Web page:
Americans must cut down on salt
Washington - The government is telling half of the US population to drastically cut their daily salt intake. That is the advice to consumers - and the food industry.
For the first time, the Agriculture and Health and Human Services departments, which issue the guidelines every five years, are telling people who are 51 and older, all African-Americans and anyone suffering from high blood pressure, diabetes or chronic kidney disease to cut the amount of sodium they eat daily to little more than half a teaspoon.
That group includes about half of the population and those who are most at risk of having higher blood pressure due to the amount of salt they eat.
For everyone else, the government continues to recommend about a teaspoon a day - 2 300mg, or about one-third less than the average person usually consumes.
The assault on salt is aimed strongly at the food industry, which is responsible for the majority of sodium most people consume. Most salt consumption does not come from the shaker on the table; it's hidden in foods such as breads, chicken and pasta.
It has long been known that too much sodium increases the risk of high blood pressure, stroke and other problems. But cutting the salt won't be easy.
The prestigious Institute of Medicine has said it could take years for consumers to get used to the taste of a lower-salt diet. Agriculture Secretary Tom Vilsack said the government is trying to be realistic while targeting the highest-risk groups.
"I think it's important for us to do this in a way that doesn't create an immediate backlash," he said.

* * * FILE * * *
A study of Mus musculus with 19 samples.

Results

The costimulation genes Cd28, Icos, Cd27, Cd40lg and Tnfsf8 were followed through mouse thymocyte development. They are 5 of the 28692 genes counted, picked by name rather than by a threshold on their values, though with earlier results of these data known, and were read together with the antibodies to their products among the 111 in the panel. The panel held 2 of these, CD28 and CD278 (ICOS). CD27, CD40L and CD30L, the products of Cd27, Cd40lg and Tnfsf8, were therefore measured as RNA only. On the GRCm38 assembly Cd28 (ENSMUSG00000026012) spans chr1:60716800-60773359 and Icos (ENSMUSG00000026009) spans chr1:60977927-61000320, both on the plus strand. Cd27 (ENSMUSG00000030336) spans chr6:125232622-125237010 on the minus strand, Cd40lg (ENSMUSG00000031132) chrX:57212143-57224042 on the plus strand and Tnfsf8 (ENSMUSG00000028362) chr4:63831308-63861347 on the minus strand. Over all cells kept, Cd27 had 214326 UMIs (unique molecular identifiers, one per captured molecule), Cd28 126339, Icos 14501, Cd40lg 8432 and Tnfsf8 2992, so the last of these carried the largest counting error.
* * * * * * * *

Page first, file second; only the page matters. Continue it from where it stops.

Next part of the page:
"If we fail to get our arms around the obesity epidemic, especially in our children, we're going to see a significant increase in health care costs over time."
A number of major food makers have announced plans during the past few years to cut sodium in their products as pressure from health advocates, consumers and regulators has built.
Kraft Foods, ConAgra Foods, General Mills, Heinz, Campbell Soup and Bumble Bee Foods are just some of the companies that have committed to lowering sodium levels.
But it's often a multi year process to dial down the sodium, largely so consumers do not detect the changes in taste.
Campbell's said on Monday that it now sells over 200 lower sodium products, which they say is eight times the number of reduced sodium foods they offered five years ago.
But it's unclear if the industry will be able to cut enough to satisfy the new guidelines. The Food and Drug Administration has said it will pressure companies to take voluntary action before it moves to regulate salt intake.
Dr Howard Koh, assistant secretary at the Health and Human Services Department, said food companies will have to make cuts for the reductions to work.
Awareness of dangers
"Even the most motivated consumer can make only a certain amount of progress before it's clear that we need extra support from the food industry," Koh said.
Margo Wootan, director of nutrition policy at the Centre for Science in the Public Interest, says the heightened interest in the dangers of too much sodium could help somewhat.
But she believes the FDA will have to take action for the companies to reduce enough salt to matter.
"The companies are only going to do it if there's a really strong push," she said.
New York City has already pushed a little, launching a campaign with the goal of cutting salt consumption by at least 20% in five years.
That's modelled on a plan carried out in Britain which set voluntary salt reduction targets for 85 categories of processed foods.